Friday, September 18, 2015

The Scorch Trials

The sequel to The Maze Runner swaps out a complicated maze for an equally ill-defined desert landscape full of zombies for our surviving heroes to navigate. During a brief rest in a military complex obviously run by the same organization which experimented on them in the maze, Thomas (Dylan O'Brien) and his friends meet a group of kids from other mazes and begin to uncover the truth about why they are so important to WICKED.

While the others are content to be kept prisoner in a safe place with three square meals a day and their own cot, Thomas befriends a boy from another group (Jacob Lofland), and, after discovering the truth about the continued experimentation, helps his friends escape into the barren wastleand outside the facility known as "the Scorch."

In the same way that The Maze Runner declined to explain how putting kids in a death maze helped make them more valuable to WICKED, screenwriter T.S. Nowlin glosses over how a zombie virus is responsible for turning a major American city into the middle of the Sahara desert.

Ki Hong Lee, Kaya Scodelario, Thomas Brodie-Sangster, Dexter Darden, and Alexander Flores all return with O'Brien for the sequel as the surving characters from the first film. Along with Aris (Lofland), The Scorch Trials introduces several new characters to the franchise (none any less bland than the returning group). These include the leader of a local gang (Giancarlo Esposito) and his adopted daughter (Rosa Salazar), Firefly's Alan Tudyk as an information broker of sorts, Aidan Gillen as the head of the facility where the characters are briefly kept, and several new faces as part of the rebellious Right Arm who are working to save children from WICKED's experiments.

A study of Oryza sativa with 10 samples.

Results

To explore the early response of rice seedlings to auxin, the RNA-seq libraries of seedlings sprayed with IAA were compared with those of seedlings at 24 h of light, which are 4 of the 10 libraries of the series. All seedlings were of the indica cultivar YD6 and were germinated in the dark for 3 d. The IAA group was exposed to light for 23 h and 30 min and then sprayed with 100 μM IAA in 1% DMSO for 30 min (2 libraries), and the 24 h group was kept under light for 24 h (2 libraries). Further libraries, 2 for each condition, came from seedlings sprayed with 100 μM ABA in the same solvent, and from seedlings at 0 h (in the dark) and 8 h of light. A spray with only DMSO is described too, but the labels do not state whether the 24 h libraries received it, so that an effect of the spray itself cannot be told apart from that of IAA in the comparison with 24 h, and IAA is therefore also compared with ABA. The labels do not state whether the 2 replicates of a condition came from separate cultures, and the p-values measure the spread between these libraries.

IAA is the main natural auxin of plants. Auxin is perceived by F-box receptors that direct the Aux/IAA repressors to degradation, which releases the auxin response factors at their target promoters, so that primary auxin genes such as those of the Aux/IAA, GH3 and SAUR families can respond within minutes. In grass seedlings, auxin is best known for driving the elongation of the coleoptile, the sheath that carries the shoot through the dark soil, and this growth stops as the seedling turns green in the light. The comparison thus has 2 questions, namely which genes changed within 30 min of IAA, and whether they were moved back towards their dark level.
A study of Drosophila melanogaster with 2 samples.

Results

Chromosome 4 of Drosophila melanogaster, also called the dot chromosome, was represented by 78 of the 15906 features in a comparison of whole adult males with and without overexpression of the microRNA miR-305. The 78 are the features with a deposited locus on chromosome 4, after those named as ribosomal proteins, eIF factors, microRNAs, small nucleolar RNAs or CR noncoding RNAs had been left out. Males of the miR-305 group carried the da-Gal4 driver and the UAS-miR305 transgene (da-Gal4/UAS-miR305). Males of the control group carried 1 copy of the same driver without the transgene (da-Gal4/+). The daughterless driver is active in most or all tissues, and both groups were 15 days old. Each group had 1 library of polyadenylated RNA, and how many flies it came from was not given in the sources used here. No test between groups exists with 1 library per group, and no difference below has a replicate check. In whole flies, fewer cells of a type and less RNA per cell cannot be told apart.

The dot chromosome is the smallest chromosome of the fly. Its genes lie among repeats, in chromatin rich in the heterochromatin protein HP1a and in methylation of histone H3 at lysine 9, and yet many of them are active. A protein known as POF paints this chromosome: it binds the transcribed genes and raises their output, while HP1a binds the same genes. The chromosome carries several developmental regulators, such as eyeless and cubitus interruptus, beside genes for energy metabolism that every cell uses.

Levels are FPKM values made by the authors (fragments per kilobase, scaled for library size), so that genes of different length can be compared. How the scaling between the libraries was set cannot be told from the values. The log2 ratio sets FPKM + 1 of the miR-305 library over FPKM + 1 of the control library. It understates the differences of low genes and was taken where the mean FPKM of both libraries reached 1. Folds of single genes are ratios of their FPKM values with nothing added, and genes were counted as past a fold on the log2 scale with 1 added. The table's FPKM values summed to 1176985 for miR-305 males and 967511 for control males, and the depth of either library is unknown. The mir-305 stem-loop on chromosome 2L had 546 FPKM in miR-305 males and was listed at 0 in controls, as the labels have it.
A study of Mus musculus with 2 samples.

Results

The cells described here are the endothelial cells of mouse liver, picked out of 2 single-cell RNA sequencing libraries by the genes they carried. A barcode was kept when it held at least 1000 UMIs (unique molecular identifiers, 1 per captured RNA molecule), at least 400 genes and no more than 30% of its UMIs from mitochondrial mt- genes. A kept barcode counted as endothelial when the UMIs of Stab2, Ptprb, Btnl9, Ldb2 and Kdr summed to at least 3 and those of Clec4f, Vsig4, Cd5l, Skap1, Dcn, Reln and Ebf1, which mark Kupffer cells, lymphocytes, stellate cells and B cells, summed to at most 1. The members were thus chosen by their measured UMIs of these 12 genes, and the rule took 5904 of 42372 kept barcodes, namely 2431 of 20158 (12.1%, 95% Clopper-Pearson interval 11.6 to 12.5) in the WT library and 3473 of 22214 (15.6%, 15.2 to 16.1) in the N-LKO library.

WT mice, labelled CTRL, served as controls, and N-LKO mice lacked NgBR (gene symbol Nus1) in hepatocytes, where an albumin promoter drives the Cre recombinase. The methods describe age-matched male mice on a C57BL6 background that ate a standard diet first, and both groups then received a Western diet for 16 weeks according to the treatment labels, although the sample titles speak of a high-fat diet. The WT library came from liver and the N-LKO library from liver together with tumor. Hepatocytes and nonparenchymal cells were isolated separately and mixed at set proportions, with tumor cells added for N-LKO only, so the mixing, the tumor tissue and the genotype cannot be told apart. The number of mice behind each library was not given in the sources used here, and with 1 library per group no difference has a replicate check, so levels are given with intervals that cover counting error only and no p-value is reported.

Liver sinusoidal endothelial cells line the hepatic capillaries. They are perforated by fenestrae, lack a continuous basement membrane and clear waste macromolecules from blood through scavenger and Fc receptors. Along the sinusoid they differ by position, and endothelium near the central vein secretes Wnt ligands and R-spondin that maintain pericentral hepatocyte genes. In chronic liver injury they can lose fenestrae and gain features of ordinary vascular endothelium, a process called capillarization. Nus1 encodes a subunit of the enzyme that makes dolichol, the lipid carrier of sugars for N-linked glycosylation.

Partially because the sci-fi concepts it introduces make little to no sense and partially because of the introduction of zombies, the Maze Runner: The Scorch Trials leads the franchise down a path further from science fiction to become even more of a horror-thriller this time around. The pacing and action reflect this continued shift. Although competently done there's noting that makes it stand out from any other B-movie zombie thriller in which you've seen the exact same sequences. By far the most interesting character in the first film was the maze itself, which of course doesn't make an appearance here. Instead were given a scene after scene of the characters navigating a dystopian landscape with little incentive to care whether or not any of them actually survive.

I never bought into Thomas and his story as the first film failed to win me over to their cause or care about who made it out of the maze alive. The characters (i.e. interchangeable walking plot devices) are neither more sympathetic nor interesting a second time around. Fans of the first film are likely to be kinder on the film than I am as we're given much of the same without much care for logic, plot, or actual character development.